Our results indicate that M2 vaccination can induce cross-reactive antibody responses, virus-specific T-cell responses, and protection against challenge with lethal heterologous virus. As has been found in previous studies of M2-based vaccines, we found strong antibody responses to the conserved M2e region. Anti-M2 antibodies in the serum of mice immunized with M DNA suggest expression of M2 from this plasmid (not shown). However, reactivity could be due to the 9 amino acid portion shared with the M1 sequence, and we did not explore this possibility. Fan et al. used A/PR/8 and Aichi M2e-carrier conjugates for immunization, and the resulting antibodies did not cross-react with the avian M2e sequences tested (6
). We found cross-reactivity with M2e peptides that had considerable sequence divergence from the human influenza M2 consensus. Immunization with M2e-con/KLH induced antibodies that were reactive with M2e-H5(SP-83) peptide but less reactive with M2e-H5(HK). However, immunization with M2e-H5(HK)/KLH induced antibodies that were reactive with all the M2e peptides. This pattern parallels the results of Liu et al. (14
). However, neither Fan et al. nor Liu et al. investigated protection against challenge with H5N1 subtype.
In our lethal challenge studies, M2e peptide conjugates protected against not only a 1934 subtype H1N1 virus (A/PR/8) but also a 1947 subtype H1N1 virus (A/FM). The latter virus, which is virulent in mice, has an M2e sequence with 3 amino acid differences from the consensus and thus is as divergent from the consensus sequence as some M2-H5 sequences. Encouraged by this broad cross-reactivity and cross-protection, we expanded the study to DNA vaccination and DNA prime–Ad boost regimens. These approaches have the advantage of providing more epitopes than peptide immunization and relevant T-cell immunity.
Using M2 consensus DNA vaccination with or without Ad boost, we again saw cross-reactivity on avian peptides M2e-H5(SP-83) and M2e-H5(HK), although cross-reactivity was low on the HK peptide. T-cell responses to M2 peptides were detected by ELISPOT.
Several studies have shown that M2e-specific antibodies can mediate protection against influenza infection in vivo (9
). In agreement with those studies, we found that serum antibodies induced by peptide conjugates or by prime-boost vaccination could transfer protection to naive recipients. We found that T cells were also important because depletion of CD4+
T cells during the challenge period reduced protection against a higher challenge dose. This could reflect M2e-specific memory T cells, which we have demonstrated in spleen and peripheral blood by ELISPOT, or a concurrent T-cell response to challenge virus supplementing the protective effects of antibodies.
In lethal challenge studies, the M2 consensus DNA and rAd constructs could protect against not only A/PR/8 but also against A/FM, a virus quite divergent in the M2e sequence. Furthermore, they could protect mice against challenge with SP-83 (H5N1) isolated from a fatal human case, at a dose lethal to control mice. Virus replication in lungs and illness reflected by loss of body weight were also reduced by M2 immunization. Protection against challenge with other H5N1 subtypes remains to be explored, and serologic results on M2e-H5(HK) peptide suggest results of such studies might differ on the basis of sequence variations.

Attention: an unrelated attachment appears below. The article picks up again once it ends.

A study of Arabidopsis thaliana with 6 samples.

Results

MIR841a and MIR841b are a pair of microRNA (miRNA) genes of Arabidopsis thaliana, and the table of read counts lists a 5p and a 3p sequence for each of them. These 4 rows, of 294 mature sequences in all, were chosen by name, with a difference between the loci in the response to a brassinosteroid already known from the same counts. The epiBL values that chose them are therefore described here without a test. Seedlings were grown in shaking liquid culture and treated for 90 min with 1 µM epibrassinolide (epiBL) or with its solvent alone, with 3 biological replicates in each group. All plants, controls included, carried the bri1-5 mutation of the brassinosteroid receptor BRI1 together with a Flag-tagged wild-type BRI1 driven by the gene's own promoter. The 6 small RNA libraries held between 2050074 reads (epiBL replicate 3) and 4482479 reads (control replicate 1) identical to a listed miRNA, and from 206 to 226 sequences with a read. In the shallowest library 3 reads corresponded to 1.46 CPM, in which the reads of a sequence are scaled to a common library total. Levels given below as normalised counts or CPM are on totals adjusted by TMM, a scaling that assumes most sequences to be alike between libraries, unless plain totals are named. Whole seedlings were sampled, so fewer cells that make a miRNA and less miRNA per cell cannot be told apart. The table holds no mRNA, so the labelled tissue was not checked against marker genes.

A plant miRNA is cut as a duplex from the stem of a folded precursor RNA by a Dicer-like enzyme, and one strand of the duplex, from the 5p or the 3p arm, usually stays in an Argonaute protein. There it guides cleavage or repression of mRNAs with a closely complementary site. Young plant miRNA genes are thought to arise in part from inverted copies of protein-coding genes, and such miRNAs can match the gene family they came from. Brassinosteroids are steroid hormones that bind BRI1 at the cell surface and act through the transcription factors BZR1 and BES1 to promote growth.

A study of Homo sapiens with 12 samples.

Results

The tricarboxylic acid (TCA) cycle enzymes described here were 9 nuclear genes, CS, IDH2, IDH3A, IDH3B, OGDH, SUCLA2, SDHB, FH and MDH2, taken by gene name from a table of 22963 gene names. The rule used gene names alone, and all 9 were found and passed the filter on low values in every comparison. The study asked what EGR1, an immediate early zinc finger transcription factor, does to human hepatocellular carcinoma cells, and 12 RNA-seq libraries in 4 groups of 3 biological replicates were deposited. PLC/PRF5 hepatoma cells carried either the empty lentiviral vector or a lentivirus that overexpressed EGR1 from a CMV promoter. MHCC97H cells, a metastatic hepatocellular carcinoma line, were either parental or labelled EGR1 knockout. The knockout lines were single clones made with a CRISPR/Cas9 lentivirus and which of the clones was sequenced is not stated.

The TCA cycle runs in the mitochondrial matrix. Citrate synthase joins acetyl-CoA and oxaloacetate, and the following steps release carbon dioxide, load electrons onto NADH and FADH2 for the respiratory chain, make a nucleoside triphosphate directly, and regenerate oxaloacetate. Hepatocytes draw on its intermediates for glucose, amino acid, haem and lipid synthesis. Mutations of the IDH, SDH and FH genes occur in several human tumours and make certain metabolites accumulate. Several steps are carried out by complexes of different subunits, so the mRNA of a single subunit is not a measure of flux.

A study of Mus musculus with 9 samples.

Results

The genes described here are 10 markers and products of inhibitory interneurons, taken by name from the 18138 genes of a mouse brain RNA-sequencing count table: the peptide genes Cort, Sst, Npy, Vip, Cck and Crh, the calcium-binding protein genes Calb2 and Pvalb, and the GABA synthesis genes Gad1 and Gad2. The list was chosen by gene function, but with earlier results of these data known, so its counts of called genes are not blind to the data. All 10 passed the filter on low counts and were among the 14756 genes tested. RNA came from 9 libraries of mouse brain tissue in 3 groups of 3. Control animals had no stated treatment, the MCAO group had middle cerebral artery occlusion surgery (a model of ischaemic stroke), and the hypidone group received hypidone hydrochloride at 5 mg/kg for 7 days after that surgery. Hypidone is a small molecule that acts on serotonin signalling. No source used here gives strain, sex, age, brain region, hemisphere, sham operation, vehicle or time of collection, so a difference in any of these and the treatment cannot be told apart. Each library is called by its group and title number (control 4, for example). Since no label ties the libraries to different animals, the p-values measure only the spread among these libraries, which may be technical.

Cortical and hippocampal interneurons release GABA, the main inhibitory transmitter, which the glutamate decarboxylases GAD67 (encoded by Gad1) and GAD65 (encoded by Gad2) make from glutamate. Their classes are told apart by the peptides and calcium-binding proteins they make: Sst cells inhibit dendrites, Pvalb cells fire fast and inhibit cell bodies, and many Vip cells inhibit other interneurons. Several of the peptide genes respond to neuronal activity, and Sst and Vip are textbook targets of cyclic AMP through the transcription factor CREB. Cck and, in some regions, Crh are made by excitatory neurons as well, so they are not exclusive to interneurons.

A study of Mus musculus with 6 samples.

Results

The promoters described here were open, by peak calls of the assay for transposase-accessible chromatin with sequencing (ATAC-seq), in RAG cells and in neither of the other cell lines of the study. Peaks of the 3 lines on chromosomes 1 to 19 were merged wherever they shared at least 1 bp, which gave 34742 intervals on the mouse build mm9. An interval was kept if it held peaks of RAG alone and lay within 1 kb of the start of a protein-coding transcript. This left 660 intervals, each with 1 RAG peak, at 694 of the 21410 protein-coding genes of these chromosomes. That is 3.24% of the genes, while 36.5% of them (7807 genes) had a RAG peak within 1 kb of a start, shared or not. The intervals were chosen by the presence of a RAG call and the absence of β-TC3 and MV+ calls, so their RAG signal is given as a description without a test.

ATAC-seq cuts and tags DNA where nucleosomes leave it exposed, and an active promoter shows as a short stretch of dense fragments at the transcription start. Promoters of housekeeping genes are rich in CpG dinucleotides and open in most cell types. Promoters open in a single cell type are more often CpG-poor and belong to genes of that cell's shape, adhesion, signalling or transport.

M2 expression constructs with various M2e sequences could be used as vaccines. Our observation of protection across substantial sequence divergence means that H5-derived vaccines might also protect against circulating H1N1 and H3N2 subtypes. An additional advantage of protection across substantial divergence is potential protection by an M2 vaccine against an unexpected subtype that could cause a pandemic.
One concern about M2 vaccines is the possibility of escape mutants. A study of forced escape mutants found limited diversity (13
), which indicates that structural constraints, perhaps due to requirements of the M1 structure encoded by the same segment, may limit drift.
The cross-reactivity and protective efficacy of M2-specific antibodies suggest that M2-specific MAbs could be useful for antiviral therapy. These features, combined with constraints on M2 structure, highlight the potential of M2-specific MAbs to inhibit replication of influenza viruses, including some H5N1 strains. Although traditional M2-directed drugs (e.g., amantadine) have led to drug resistance, the mutations that confer resistance are within the transmembrane region (22
), which may have fewer structural constraints than the ectodomain.
An M2 prime-boost regimen is intended to be combined with vaccination against additional antigens rather than acting as a standalone vaccine. For example, prime-boost vaccination against conserved NP is highly protective ([18
]; ). The use of multiple antigens has several advantages: reduced likelihood of escape mutants, better coverage of human leukocyte antigen haplotypes in the genetically diverse human population, and a broader spectrum of immune response mechanisms (with antibodies perhaps dominating for M2 and cytotoxic T lymphocytes for NP).
Vaccines based on conserved antigens are not intended to replace strain-matched vaccines that induce neutralizing antibodies and thus prevent infection. However, strain-matched vaccines may be difficult to produce in adequate quantities in short time periods, and continued antigenic drift may render them ineffective. Vaccinations as described here, based on M2, might reduce deaths and severity of disease while strain-matched vaccines were being prepared and could enhance protection afforded by inactivated vaccines. Immunogenicity and safety studies in people are needed to evaluate this approach.